A federal judge in Missouri has denied Bayer AG’s motion to delay a Monsanto Roundup lawsuit scheduled to go to trial in St. Louis Circuit Court later this year.
In seeking to delay the Roundup trial, attorneys for the German company argued that discovery in the case was incomplete. But according to a Case Management Order dated August 9th, the Court concluded “that the parties have made substantial progress in completing discovery and that the discovery and motion practice outstanding does not impact the trial date nor does it interfere with the revised pretrial deadlines” in the case.
The Monsanto Roundup trial is tentatively scheduled to begin on October 15th. The case will be the first such lawsuit to go before a jury in Missouri, where Monsanto is headquartered.
More than 18,000 Roundup lawsuits that blame the glyphosate-based herbicide for causing cancer are pending in courts nationwide. The litigation began to grow shortly after the World Health Organization’s International Agency for Research on Cancer declared glyphosate a probable human carcinogen in March 2015.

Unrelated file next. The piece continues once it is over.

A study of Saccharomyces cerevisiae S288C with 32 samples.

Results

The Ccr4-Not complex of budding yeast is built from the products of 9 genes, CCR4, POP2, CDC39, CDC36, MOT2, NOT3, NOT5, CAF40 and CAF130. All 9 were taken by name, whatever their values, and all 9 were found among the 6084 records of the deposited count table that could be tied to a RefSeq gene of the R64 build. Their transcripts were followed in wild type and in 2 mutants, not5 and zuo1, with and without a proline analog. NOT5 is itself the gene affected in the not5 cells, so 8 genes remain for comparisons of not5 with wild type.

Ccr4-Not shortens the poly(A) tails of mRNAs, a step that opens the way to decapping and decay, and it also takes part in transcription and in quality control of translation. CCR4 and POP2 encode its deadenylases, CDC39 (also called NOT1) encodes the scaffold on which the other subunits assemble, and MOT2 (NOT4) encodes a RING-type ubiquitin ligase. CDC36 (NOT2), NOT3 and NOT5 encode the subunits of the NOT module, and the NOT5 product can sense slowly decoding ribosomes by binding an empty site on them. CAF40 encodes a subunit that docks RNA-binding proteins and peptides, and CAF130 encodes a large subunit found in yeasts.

Three Roundup trials have been convened by state and federal courts in California since last August. So far, every jury has ruled in favor of plaintiffs, granting initial awards of $289 million, $80 million, and $2 billion. However, the judges presiding over those cases eventually reduced the verdicts after finding that punitive damages were excessive.
Bayer denies that glyphosate causes cancer and is appealing all three Roundup lawsuit verdicts. However, the company is also participating in court-ordered mediation, and its CEO recently indicated he would be open to a “financially reasonable” settlement.
Earlier this month, judges in St. Louis and San Francisco agreed to delay upcoming Roundup trials at the request of the parties. That led to speculation that they were closing in on an agreement.
Earlier this month, Bloomberg reported that Bayer was willing to pay up to $8 billion to resolve the litigation, but the company later denied reports that it had made a Roundup settlement offer.